The fifth behind-the-scenes featurette posted online on Christmas Eve reveals the logistics of location shooting for the multimillion-dollar production and how the travelling circus of more than 500 cast and crew members in almost 140 vehicles set off around New Zealand over seven weeks.
"It's been great to get that texture of Middle-earth into the movie after many, many weeks of shooting in the studio," Sir Peter said in the video.
"We've established our characters, we've established our story and it was finally time to get on the road and establish the landscapes of Middle-earth."
Recognisible Queenstown area shots in the 12-minute video included a helicopter landing near crew members on high country with Pig and Pigeon islands in Lake Wakatipu and the Humboldt Mountains in the background. The Remarkables made an appearance from a distance across the lake.
Cast members were seen sitting on rocks of the Rock and Pillar Ranges near Middlemarch.
A large filming contingent flew into Dunedin in mid-November.
Otago filming occurred in areas including private land near Paradise, beyond Glenorchy, as well as on Treble Cone, in the Matukituki Valley, plus in the Strath Taieri and Maniototo.
More footage of Southern location shooting, including near Te Anau Downs, was anticipated to feature in the sixth production video to be posted online early in the new year.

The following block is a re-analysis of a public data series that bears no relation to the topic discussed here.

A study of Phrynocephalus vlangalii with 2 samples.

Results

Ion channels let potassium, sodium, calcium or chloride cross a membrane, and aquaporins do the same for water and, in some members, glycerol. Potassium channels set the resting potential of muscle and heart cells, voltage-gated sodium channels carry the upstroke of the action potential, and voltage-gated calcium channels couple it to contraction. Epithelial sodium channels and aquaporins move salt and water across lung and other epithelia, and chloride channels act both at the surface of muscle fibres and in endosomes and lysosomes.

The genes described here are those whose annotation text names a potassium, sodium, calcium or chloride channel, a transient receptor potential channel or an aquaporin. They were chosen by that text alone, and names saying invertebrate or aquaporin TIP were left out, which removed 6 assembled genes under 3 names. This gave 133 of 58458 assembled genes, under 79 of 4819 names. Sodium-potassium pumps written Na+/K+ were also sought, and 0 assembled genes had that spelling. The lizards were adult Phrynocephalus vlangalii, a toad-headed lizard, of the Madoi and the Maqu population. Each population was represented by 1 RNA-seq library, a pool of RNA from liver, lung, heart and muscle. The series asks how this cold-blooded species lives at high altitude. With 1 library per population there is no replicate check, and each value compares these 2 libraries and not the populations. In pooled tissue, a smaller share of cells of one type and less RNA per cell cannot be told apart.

The video was posted days after the first trailer for The Hobbit: An Unexpected Journey was released. The high definition version of the trailer, depicting Bilbo, Gandalf, the group of dwarves and a cinematic style in keeping with The Lord of the Rings, clocked up more than 11 million views on YouTube in one week.
Meanwhile, New Zealand was hailed as one of the "Top Ten Filming Locations in the Universe" by United States movie magazine P3 Update in its December issue.
New Zealand and Canada were the only two countries individually named in a list which featured the United Kingdom and several American states.
The home-grown film industry looked likely to prosper in the new year with Girl With a Pearl Earring director Peter Webber expected to film The Emperor, with The Hobbit double bill continuing to film and Wellington to host the world premiere in December, plus the Jane Campion-directed and Holly Hunter-starring mini-series Top of the Lake to film in Queenstown and Glenorchy.
The second film, The Hobbit: There and Back Again, is due to be released on December 13, 2013.